Camels are known for their ability to travel long distances across the desert without water.
But they’re also becoming an increasingly important source of milk for people in drought-prone regions. That includes East African countries like Kenya, where camel numbers have skyrocketed over the past few decades.
But introducing camels — or any species — to a new region, could mean bringing in new diseases.
The St. Louis Zoo has been studying camel diseases in Kenya to help assess their risks.
In Manhattan, Kan., the site of National Bio and Agro-Defense Facility is still just a huge hole in the ground nearly a year after the initial ground-breaking.
But there has been some progress. In December, the U.S. Department of Homeland Security, which will operate the huge animal disease lab if it is ever completed, got title to the land when the city of Manhattan officially deeded over the 47-acre site. It’s a move that supporters hope will breathe new life into the beleaguered lab.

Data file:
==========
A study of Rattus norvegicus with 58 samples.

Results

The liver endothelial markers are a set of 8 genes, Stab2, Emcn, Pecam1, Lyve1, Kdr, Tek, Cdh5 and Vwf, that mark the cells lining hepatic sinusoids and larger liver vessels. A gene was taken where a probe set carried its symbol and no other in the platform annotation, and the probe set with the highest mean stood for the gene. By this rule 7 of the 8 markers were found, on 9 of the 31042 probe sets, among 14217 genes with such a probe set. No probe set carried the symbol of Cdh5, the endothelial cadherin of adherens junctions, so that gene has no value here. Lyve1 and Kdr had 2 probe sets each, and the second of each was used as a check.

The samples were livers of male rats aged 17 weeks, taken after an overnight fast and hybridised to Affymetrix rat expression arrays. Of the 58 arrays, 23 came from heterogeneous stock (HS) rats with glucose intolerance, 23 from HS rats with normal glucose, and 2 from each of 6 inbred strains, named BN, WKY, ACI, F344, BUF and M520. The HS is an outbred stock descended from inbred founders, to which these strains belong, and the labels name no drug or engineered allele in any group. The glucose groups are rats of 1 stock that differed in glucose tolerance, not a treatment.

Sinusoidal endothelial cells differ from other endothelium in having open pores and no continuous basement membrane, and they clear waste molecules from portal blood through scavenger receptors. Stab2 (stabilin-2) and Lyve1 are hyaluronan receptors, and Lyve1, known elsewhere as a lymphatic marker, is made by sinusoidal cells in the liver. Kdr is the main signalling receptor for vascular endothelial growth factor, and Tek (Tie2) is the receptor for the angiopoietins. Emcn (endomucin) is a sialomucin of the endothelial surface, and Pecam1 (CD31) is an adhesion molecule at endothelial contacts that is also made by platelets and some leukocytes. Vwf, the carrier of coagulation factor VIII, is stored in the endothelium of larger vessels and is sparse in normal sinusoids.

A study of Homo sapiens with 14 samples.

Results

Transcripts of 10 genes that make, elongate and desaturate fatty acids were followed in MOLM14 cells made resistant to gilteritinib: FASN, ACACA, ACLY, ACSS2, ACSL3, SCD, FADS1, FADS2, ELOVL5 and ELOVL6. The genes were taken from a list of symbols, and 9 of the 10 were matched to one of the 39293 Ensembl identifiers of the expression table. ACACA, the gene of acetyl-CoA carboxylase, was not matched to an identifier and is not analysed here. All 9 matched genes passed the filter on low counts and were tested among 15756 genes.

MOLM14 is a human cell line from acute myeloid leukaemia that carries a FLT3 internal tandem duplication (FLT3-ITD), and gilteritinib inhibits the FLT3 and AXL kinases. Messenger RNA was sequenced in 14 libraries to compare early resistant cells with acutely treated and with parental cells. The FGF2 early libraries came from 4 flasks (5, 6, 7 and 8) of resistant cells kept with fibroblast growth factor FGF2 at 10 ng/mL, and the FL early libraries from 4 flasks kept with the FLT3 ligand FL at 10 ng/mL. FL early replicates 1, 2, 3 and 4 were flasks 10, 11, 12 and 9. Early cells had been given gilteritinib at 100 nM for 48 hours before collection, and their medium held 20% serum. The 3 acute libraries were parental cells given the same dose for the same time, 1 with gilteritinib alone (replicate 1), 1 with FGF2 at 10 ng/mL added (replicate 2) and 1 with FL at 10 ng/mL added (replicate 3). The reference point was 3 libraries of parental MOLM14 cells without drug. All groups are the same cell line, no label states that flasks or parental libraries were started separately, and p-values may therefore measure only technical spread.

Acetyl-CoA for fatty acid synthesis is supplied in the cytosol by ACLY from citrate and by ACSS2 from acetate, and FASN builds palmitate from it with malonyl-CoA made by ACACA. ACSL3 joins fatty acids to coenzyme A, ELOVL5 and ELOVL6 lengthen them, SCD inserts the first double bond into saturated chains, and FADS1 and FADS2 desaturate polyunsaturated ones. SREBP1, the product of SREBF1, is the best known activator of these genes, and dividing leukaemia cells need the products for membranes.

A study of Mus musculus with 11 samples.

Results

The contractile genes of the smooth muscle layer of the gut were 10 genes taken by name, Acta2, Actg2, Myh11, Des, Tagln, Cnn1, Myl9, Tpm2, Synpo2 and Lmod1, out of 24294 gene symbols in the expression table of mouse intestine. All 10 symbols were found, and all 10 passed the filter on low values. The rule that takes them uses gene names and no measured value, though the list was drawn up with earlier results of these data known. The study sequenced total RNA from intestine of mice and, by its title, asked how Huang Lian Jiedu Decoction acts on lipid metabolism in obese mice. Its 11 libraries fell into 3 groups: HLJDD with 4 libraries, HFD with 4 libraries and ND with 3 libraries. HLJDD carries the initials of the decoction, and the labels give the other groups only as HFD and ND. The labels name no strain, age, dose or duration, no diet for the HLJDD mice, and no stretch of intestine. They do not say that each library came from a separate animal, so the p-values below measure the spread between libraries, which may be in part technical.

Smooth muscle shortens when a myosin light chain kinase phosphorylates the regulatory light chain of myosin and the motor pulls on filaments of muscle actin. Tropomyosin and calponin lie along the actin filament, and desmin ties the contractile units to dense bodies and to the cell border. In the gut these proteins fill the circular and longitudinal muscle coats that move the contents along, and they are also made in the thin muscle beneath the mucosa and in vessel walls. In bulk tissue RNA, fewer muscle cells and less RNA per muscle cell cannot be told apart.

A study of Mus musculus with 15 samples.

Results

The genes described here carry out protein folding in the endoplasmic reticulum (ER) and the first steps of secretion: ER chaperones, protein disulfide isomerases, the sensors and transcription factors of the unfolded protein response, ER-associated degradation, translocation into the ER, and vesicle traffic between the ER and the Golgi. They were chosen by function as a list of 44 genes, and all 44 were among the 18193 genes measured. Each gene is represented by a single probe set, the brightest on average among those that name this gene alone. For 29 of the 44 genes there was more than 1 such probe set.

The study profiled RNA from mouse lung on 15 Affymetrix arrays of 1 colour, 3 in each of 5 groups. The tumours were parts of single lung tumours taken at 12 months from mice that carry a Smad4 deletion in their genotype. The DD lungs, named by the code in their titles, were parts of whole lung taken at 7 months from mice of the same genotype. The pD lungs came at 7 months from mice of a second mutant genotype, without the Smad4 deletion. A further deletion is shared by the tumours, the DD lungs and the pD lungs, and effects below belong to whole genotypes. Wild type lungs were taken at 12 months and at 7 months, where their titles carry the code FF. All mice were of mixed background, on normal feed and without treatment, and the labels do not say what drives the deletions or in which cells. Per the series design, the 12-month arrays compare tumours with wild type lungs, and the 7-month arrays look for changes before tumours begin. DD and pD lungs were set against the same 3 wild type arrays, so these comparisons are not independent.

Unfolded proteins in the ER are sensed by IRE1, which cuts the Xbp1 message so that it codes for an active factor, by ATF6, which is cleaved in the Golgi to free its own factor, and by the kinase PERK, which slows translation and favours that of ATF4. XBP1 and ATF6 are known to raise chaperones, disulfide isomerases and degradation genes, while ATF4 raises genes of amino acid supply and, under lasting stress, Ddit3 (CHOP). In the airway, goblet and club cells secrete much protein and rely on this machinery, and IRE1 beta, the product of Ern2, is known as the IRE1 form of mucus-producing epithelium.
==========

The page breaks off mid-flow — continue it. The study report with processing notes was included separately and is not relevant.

A new viral disease has been found in Missouri. That’s according to a report out of the current issue of the New England Journal of Medicine. The virus, named the Heartland virus, was first observed in two northwest Missouri farmers. Scott Folk is the Director of Infectious Diseases at Heartland Regional Medical Center in St. Joseph, and is a co-author on the study. He first diagnosed the two farmers with a bacterial disease called erlichiosis, which symptoms include fever, muscle fatigue, headache and nausea.